Why Diet and Exercise Fails for 95% of Obese Patients
If you have watched our seminar, had a consultation, or researched bariatric surgery, you will undoubtedly have come across the statistic that between 90 and 95% of obese people do not achieve long-term weight loss with diet and exercise alone. To be sure, improving one’s lifestyle in the form of better diet and exercise habits is a key component of any weight loss strategy. However, without a tool such as bariatric surgery, which is the only proven long-term weight loss solution for obese patients, most people do not get the results they want. So why are those who suffer from obesity having such a hard time losing weight?
- The first reason revolves around a relatively recent hypothesis known as the “set point.” Essentially, the body creates a specific ideal weight. This is different in all of us, but most people who do not suffer from excess weight or obesity have a set point within normal BMI range. This set point tends not to fluctuate until the patient sustains a great deal of excess weight for a long period of time. At this point, the body’s set point may rise – in other words it has become accustomed to a higher weight, greater caloric intake and so forth. Our body is very stubborn and will adapt to maintain what it considers to be an ideal (albeit higher) weight. To maintain this higher weight, the body may reduce the metabolic rate when it senses we are on a diet, casually described as “starvation mode.”
- But another often overlooked reason for the lack of weight loss over the long term — even when dieting and exercising – is simple…why we are dieting. Sustainable weight loss, whether part of bariatric surgery or not, requires the patient to truly want to change their lifestyle. This may sound like a given, but most of the time we seek change because of external forces, not our own decisions. In the case of excess weight, outside factors may include the associated stigma, or the fact that family members and friends have encouraged us to lose the weight. While these are all powerful reasons, they are reactions to other people’s wants and beliefs rather than our own. Our most successful bariatric patients want to lose weight for themselves, to improve their lifestyle for their own enjoyment and live more fully. While supportive words from family and friends are not only necessary, but encouraged, the decision is ultimately up to the patient themselves. It’s interesting to hear the reasons our patients have for considering bariatric surgery. They usually revolve around a moment or specific realization that is far deeper than “I want to look better” or “I want to move faster.”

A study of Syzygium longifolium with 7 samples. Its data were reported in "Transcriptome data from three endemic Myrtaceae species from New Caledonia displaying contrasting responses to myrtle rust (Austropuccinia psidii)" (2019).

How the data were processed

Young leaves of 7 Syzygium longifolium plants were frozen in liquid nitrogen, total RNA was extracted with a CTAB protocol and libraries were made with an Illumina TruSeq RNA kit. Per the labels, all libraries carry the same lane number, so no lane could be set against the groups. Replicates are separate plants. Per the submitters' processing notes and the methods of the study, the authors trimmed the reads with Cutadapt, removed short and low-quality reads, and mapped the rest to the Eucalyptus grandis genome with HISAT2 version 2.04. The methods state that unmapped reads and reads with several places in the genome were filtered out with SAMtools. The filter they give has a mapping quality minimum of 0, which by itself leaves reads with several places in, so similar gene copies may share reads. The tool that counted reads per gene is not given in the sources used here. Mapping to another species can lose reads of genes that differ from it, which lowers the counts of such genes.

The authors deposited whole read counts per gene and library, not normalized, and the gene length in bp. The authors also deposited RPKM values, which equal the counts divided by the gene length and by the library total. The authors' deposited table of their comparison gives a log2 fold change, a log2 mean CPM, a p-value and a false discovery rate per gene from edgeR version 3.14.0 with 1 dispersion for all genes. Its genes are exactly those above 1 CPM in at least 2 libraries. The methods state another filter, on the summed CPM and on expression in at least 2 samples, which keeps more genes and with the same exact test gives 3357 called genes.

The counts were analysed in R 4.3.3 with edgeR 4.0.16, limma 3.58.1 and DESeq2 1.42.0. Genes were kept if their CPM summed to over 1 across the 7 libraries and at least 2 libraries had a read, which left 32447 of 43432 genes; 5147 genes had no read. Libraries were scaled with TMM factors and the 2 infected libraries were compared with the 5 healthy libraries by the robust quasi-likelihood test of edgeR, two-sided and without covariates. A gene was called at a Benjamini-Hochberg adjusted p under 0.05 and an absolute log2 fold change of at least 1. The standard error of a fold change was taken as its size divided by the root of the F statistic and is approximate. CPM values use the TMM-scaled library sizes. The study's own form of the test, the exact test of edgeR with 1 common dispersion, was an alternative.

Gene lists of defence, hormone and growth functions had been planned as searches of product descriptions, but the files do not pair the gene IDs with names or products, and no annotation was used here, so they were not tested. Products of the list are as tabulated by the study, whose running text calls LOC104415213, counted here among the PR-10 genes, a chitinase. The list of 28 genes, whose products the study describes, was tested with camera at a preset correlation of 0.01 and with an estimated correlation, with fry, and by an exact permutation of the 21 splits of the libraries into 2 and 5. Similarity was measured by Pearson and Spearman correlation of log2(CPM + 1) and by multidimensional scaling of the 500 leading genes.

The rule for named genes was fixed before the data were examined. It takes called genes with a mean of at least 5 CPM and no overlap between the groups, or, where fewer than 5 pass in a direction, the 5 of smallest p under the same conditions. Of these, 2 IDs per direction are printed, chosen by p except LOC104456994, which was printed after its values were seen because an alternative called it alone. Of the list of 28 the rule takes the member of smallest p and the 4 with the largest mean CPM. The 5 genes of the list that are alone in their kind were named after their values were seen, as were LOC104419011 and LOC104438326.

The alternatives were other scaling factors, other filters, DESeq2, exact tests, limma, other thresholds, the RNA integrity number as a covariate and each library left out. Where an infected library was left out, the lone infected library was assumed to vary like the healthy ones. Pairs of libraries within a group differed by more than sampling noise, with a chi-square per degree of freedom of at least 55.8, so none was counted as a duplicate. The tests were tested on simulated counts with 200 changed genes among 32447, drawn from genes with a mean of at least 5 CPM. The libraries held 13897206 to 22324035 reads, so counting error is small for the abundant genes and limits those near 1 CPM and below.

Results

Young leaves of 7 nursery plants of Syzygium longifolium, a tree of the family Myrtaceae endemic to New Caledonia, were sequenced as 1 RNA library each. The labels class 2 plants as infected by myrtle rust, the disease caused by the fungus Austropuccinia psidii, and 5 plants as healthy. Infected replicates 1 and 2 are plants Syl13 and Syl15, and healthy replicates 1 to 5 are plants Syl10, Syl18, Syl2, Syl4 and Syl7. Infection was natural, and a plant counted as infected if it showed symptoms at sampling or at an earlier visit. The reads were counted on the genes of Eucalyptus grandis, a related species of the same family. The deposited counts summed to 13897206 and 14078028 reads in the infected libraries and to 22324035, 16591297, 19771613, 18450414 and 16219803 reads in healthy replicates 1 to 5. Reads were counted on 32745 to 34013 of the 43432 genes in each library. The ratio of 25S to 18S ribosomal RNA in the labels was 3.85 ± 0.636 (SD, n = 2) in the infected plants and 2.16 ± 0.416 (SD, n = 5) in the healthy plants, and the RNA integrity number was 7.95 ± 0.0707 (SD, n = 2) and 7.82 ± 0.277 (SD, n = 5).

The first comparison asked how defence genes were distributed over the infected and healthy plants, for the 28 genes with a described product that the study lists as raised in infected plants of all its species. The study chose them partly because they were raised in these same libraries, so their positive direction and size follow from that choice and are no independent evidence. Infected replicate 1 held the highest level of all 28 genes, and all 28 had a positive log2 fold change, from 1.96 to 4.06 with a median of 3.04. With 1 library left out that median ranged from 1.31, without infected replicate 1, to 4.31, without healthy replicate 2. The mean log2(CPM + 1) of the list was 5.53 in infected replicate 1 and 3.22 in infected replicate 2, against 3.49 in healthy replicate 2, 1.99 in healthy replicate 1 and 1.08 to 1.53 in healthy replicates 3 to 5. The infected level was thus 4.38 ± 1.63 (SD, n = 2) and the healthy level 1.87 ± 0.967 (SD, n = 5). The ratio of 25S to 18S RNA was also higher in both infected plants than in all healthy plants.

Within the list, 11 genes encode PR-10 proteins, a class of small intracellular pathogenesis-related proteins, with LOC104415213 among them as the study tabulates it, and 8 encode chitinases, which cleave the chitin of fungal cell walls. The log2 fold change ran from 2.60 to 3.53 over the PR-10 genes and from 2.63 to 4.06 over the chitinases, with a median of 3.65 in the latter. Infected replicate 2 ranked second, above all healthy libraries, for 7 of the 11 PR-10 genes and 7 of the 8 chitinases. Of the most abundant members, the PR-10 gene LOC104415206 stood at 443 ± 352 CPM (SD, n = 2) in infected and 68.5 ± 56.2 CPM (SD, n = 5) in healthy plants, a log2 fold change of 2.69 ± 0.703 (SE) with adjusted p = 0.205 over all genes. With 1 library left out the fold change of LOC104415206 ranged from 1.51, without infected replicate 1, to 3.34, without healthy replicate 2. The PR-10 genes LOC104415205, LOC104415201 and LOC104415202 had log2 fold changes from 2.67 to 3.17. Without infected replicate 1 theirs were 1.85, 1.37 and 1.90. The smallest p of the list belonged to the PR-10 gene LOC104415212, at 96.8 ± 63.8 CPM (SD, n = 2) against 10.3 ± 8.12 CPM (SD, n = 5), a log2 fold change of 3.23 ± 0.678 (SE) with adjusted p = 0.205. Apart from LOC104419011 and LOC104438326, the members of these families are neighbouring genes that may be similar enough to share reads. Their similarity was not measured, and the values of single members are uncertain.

- Lastly, excess weight – especially levels reaching obesity — can change the ways in which our bodies function. White fat – the dangerous, hard-to-get-rid-of kind – that accumulates around our waist, can actually cause hormonal changes in the body that not only make it more difficult to lose weight, but can also cause related problems.
While some are successful in fighting their own bodies over the long-term, and ultimately achieving sustainable weight loss, that number represents only about 5 to 10% of obese patients.
So, What Can Be Done?
Of course, diet and exercise must be a part of everyone’s weight loss routine whether they decide surgery is right for them or not. In fact, a history of unsuccessful weight loss programs, as well as participation in medical weight loss, is a requirement of most insurance companies for surgical approval. For those who have serious comorbidities, such as poorly controlled diabetes, joint problems, high blood pressure, high cholesterol and sleep apnea, bariatric surgery is an option to consider. While surgery may seem like a drastic choice, the fact that 300,000+ people die every year from obesity-related complications shows that surgery really can be a viable option for those that qualify.
It is important to remember that, while diet and exercise alone are often unsuccessful in long-term weight loss for obese patients, bariatric surgery cannot offer its full potential without a patient embarking on a new and improved lifestyle that includes stricter eating habits and regular exercise. To put it best, we like to say that surgery is only a tool to allow the patient to change their lifestyle more quickly, more easily, and more effectively.
If this all seems daunting, you’re not alone. Making the decision to research bariatric surgery is undertaken by only a small number of people. However, it is important to remember that your bariatric team will be by your side throughout the process, and that doesn’t stop on the day of surgery. Bariatric surgery is a long-term commitment both for you and us — and we take our responsibility very seriously. Our office and team will be available to you long after surgery is performed, and we will be your partner in your postoperative life, every step of the way.
To learn more about whether bariatric surgery makes sense for you and how it may finally get you off the frustrating cycle of losing and regaining weight through diet and exercise alone, we encourage you to watch our online seminar, at which point you can schedule a consultation and get started on the road to improved health.